We Talked To Zooey Deschanel About How She's Raising Feminist Kids

Taylor Pittman

Zooey Deschanel holds many charitable causes close to her heart and is vocal about the importance of gender equality. Now that she has two kids, she plans on passing down her passions to them.

On Monday, the “New Girl” star teamed up with Baby2Baby and Huggies to help donate 2.5 million diapers to families in need. Deschanel has personally donated diapers, as well as clothes her 2-year-old daughter, Elsie Otter, and 4-month-old son, Charlie Wolf, have outgrown to Baby2Baby, but this was her first big event with the organization.

“I was really excited because Huggies is donating about 3 million diapers to families in need, and that’s so huge,” Deschanel told HuffPost. “It helps to understand how crucial diapers are. It’s an absolute bottomline basic need, and you shouldn’t have to choose between diapers and food or diapers and clothes. It should be something that’s a given.”

Deschanel is encouraging others to help, too, with the hashtag #DonateDiapers. Huggies will match every tweet this week with the hashtag with a day’s worth of diapers for a family that receives help from Baby2Baby.

On the day of the event, HuffPost Parents spoke with Deschanel about her work with Baby2Baby, her new project about sustainable living, feminism and how she’s instilling important values in her two kids. 

How did you get involved with Baby2Baby?

I actually sought them out because they do really amazing work. Since my daughter was born a few years ago, I’ve been donating diapers as she grows out of them or clothes that we don’t need anymore or baby gear. I just had observed how efficient they are and how many people they’re able to reach. 

"You shouldn’t have to choose between diapers and food or diapers and clothes. It should be something that’s a given," Deschanel told HuffPost after her event. For the photo above, she posed with a child who is part of the Baby2Baby community.  (Stefanie Keenan via Getty Images)

You’ve always had many charitable causes close to your heart, including children’s charities. Now that you’re a mom, how are you teaching your kids to give back?

It’s really important to teach your kids at a young age to volunteer and how to help raise money and raise awareness. I think raising awareness about issues is the most important thing, because not everyone has the time to volunteer or the funds to donate money, but if you are able to spread the word then the awareness really sparks a lot of the ability of these causes to attract attention and to fix some of the problems that are out there.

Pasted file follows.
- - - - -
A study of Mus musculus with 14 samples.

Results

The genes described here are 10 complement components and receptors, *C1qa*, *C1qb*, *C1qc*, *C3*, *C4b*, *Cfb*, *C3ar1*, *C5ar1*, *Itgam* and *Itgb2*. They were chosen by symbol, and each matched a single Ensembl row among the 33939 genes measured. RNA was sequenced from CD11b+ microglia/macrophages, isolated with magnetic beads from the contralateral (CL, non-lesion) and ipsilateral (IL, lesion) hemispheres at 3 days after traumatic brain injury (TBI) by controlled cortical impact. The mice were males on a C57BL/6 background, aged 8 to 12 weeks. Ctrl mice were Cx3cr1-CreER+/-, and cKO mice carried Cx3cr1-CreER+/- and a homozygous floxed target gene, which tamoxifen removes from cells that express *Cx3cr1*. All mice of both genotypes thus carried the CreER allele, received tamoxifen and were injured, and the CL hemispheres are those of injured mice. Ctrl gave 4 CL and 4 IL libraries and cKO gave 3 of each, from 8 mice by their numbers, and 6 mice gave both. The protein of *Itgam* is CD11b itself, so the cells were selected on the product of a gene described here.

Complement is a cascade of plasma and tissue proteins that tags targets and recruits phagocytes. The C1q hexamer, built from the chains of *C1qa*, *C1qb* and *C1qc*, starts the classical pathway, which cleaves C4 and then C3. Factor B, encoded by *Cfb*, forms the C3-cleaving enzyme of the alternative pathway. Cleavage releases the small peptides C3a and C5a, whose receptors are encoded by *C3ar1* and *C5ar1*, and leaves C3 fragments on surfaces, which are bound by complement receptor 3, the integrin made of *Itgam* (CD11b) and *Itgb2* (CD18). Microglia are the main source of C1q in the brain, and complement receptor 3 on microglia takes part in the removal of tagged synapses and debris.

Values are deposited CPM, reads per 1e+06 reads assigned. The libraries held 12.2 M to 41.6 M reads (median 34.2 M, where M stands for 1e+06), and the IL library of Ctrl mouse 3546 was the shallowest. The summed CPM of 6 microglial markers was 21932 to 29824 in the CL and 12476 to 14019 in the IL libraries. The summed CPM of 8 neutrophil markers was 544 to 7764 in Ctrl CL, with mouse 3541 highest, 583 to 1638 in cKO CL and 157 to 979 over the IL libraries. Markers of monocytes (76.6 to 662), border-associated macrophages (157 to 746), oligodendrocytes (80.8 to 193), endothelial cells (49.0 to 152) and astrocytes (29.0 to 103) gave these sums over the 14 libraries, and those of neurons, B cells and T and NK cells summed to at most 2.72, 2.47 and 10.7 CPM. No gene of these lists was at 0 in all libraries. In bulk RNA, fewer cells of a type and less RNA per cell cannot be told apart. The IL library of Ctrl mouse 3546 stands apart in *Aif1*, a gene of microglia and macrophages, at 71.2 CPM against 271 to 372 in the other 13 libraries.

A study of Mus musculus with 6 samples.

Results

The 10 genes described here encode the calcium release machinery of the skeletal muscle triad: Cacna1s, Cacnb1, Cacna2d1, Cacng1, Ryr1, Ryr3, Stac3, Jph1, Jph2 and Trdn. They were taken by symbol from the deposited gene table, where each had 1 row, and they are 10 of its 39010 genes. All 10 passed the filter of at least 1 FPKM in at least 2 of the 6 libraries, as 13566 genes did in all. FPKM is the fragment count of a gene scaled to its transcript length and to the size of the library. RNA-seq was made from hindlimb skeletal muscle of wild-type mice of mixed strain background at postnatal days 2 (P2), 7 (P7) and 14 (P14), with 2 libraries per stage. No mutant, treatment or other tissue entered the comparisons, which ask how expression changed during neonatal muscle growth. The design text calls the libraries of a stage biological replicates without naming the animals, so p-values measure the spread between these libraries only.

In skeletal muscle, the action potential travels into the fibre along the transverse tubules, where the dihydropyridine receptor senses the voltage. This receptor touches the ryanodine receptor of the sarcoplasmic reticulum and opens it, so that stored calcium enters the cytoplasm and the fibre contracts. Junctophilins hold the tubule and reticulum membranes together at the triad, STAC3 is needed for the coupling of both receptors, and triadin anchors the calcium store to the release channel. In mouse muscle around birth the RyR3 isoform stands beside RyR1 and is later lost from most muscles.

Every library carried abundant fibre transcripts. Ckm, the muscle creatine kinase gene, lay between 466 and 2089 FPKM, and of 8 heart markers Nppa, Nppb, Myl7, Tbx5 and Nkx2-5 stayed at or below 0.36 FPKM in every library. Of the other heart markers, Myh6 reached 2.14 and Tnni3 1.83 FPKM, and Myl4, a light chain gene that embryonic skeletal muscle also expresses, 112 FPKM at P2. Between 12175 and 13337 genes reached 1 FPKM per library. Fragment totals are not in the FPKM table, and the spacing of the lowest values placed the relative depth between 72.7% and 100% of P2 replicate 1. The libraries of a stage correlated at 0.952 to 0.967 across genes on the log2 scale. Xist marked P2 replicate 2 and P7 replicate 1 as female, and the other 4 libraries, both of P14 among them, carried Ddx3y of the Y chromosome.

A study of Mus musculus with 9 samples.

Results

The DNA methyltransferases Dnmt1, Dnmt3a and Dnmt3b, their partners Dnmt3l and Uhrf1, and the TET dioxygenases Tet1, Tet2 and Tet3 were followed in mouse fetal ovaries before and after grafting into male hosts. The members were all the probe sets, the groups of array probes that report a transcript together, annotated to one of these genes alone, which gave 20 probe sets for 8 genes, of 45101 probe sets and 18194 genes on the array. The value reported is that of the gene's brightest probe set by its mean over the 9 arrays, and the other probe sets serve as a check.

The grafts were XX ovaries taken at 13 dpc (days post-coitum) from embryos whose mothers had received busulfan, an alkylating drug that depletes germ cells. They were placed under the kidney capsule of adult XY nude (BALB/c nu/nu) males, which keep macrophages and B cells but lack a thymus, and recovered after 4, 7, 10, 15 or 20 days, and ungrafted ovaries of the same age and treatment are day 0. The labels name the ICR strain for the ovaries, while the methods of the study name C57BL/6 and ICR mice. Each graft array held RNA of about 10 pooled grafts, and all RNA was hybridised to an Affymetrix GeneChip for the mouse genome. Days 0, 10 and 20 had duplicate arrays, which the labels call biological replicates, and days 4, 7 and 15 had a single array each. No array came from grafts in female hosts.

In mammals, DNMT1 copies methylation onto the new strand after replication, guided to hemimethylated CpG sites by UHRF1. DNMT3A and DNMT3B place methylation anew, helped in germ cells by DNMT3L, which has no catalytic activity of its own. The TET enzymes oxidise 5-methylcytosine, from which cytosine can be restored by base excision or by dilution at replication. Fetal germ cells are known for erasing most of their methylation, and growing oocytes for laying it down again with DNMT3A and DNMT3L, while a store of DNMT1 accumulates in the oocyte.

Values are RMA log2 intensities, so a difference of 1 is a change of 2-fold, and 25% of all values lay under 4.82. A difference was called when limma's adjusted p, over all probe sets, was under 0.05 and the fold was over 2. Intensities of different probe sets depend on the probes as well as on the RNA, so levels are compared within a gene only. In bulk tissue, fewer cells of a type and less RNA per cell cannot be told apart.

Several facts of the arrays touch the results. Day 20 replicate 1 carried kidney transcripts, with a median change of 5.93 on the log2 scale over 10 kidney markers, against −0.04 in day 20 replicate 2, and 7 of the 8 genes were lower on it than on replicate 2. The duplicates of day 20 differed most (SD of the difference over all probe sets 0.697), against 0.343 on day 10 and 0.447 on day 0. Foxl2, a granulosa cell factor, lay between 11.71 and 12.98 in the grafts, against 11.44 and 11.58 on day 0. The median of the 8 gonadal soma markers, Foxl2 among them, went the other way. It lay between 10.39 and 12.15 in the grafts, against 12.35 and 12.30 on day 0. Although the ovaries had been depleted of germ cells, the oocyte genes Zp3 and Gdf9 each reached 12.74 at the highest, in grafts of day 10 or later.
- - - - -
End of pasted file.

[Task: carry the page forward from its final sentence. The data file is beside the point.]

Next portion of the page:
You and your husband, producer Jacob Pechenik, have a new series called “Your Food’s Roots,” which keeps people in tune with the origins of their food and promotes sustainability. How have you incorporated these elements into your day to day as a mom?

When I was pregnant with my daughter, I really wanted to give her the best chance possible to be healthy. Their brains are developing, and you want to eat all the right things. I realized that even though I was healthy and well-informed, how little even I know about my food. I didn’t see the farmers that were growing the food, and I didn’t know exactly where everything that I was eating came from. And I consider myself to be a healthy, well-informed person, so I realized if I was that way then probably a lot of people didn’t know where their food came from. We’re trying to help everybody get back in touch with their food.

We’ve been growing a lot of stuff at our house in a vertical garden. We have an organic farm in Austin, Texas. We have been trying to eat more fish and cut back on meat, and when we do eat meat, we know where it comes from. Just being as aware as possible really helps.

You have also been vocal about being a feminist. HuffPost Parents has a Facebook group and newsletter called “So You Want To Raise a Feminist” that highlights how parents can teach their kids about gender equality and gender stereotypes. How are you raising your kids as feminists?

I think that the main thing is just not standing in their way. My daughter is only two, but she’s so strong and confident. I think it’s not letting those societal kind of pressures and those stereotypes affect them. Mainly I think it’s protecting her confidence, because she was born with it.

I come from a family of pretty strong-willed women, and all the women in my husband’s family are amazing. I think we have a pretty good network for strong women, so that’s a start. I think it’s mainly encouraging kids to express themselves and speak out and be confident.

What’s the best piece of advice you ever received about parenthood?

Get the kids on a schedule. If they have regular naps and they don’t get too overtired they sleep so much better at night. And when you’re able to get sleep as a parent, you’re a better parent and a better human

  • This article originally appeared on HuffPost.